A move away from home to a larger city with a college or university.
This is the average opportunity cost for a rural church leader to earn an undergraduate degree at a public college or university (the average cost at a Christian school is even higher). If this church leader wishes to receive further training at the seminary level, that’s another three years and $25,000, bringing the total cost to $100,000. Gulp!
This is a cost that is prohibitive anywhere, and especially in poor rural areas where employment opportunities are limited and where few esteem the value of a formal education.
Because of this, rural churches face two common problems when they’re looking to hire a new pastor:
Many small congregations in out-of-the-way locations across the country are unable to hire ministers who have received rigorous theological training. Members of these churches do their very best to be as generous as possible with their meager incomes in order to give their pastor a livable wage. But there’s a problem. The pastor needs significantly more than a livable wage in order to pay off the ONE HUNDRED THOUSAND DOLLAR education he just received. Little by little, search committees in churches like these must lower their requirements and standards until they are able to find a pastor who is willing to live in a rural area AND who doesn’t require quite as much income. Usually this results in hiring someone with little experience or training.
Untrained leaders, while almost always sincere in their desire to serve the church, can unknowingly veer into heretical teachings, preach in a way that doesn’t reflect the content of the Biblical text, and can be ill-equipped to address the spiritual needs of their flock. It’s a bit like going to the doctor to be treated for what could be terminal cancer, only to discover that this fellow (friendly and sincere as he may be) never went through medical school.
Out of Touch Leadership
Sometimes, these town and country churches are able to hire a trained pastor. Maybe through the contributions of a few wealthy congregants or simply by way of very disciplined spending, they are able to afford to bring in a pastor who has been trained in the work he’s about to do.
For awhile, everything goes really well. The people recognize and appreciate their new pastor’s knowledge of Scripture and handling of difficult theological issues. They sense that he’s been taught how to approach counseling situations. But the honeymoon doesn’t last long. A subtle but troubling reality begins to emerge. This pastor is… different from the people in his church. His favorite hobbies, food, music, and technology are different. His political opinions and social beliefs are different. And none of these distinctions are, in themselves, deal-breakers. The poison is introduced when either the pastor or the people of his church begin to think less of the other because of those differences. When that sense of superiority sneaks in, mutual resentment steadily develops, and it doesn’t take long for the pastor to decide it would be best to move along (if his congregation doesn’t force that decision on him first).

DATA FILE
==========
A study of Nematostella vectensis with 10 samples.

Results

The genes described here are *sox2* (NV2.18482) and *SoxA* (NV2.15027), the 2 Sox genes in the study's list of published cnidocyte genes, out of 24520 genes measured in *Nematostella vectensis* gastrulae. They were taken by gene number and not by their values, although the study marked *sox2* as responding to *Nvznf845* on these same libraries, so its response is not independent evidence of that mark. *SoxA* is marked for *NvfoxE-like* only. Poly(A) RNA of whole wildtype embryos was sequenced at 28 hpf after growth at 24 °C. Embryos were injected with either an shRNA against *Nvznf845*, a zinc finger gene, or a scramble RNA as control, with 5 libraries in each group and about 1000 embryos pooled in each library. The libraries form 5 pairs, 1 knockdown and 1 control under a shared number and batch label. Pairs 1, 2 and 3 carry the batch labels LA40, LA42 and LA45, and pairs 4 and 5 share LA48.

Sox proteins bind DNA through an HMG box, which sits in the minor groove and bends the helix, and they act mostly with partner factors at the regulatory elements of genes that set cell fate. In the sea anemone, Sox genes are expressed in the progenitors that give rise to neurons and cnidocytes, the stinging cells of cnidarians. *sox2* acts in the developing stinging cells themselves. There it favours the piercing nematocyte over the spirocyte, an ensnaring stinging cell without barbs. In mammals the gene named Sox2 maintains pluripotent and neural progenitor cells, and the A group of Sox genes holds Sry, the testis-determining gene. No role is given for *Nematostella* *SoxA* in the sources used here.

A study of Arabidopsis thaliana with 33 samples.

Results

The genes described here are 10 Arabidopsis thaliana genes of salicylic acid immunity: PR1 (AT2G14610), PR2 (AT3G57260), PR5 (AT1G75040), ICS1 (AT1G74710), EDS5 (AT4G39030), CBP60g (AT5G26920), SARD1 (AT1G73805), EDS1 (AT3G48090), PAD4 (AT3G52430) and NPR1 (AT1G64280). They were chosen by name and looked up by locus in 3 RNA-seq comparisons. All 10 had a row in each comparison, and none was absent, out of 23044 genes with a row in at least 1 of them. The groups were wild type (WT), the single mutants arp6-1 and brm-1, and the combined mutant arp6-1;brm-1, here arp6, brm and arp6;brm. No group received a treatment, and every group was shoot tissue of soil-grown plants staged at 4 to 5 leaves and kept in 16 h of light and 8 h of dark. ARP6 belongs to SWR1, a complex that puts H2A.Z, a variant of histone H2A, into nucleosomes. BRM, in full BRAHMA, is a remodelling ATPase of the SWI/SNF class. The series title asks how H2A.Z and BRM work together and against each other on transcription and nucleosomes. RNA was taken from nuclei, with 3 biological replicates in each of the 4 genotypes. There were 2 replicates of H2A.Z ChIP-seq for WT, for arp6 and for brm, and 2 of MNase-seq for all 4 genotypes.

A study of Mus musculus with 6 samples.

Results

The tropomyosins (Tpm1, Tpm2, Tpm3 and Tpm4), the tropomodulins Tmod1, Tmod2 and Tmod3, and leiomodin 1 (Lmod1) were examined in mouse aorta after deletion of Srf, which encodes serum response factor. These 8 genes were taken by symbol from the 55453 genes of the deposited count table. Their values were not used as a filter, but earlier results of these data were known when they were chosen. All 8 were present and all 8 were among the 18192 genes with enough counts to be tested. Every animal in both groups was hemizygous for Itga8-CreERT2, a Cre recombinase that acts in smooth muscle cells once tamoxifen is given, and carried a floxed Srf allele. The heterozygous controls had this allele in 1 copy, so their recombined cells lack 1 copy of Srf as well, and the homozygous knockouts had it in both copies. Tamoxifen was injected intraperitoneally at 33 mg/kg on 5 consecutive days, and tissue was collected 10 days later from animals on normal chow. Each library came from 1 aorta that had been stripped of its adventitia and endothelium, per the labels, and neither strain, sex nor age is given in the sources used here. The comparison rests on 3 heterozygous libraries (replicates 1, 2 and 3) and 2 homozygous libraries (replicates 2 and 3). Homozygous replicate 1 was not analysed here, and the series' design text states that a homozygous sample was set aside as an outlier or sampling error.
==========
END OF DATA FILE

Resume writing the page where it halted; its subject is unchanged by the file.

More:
This is the harsh reality and the difficult scenario facing many rural churches. Do they (prayerfully) cross their fingers and hope an untrained pastor has happened upon enough quality discipleship in his own local church that he’ll be adequately prepared for the work of ministry apart from formal training? Do they (as my church did) try to present the soon-to-be transplant with the blunt reality of rural life and culture before signing on the dotted line? What is a church to do?
At this point, and to address this very conundrum, allow me to introduce you to the Bible Training Center.
This is a program designed with rural ministry in mind, organized and instructed by rural Christian leaders, with classes held in rural settings and course schedules designed to work around rural workers’ lives. Oh, and this is all done with a sensitivity to a rural budget – the course my wife and I are presently taking costs $175 per person, which not only covers the class itself, but also the textbooks and TWELVE HOMEMADE MEALS served during the weekend class sessions!
I’ve had the opportunity to take part in courses with the Bible Training Center (BTC) both as a student and as a teacher, and I consider my proximity to a BTC campus to be one of the great providential blessings of my ministry experience.
In the next post, I’ll share a bit about the nuts and bolts of the BTC, and I’ll wrap up the three part series with a few personal stories from my experiences in this program.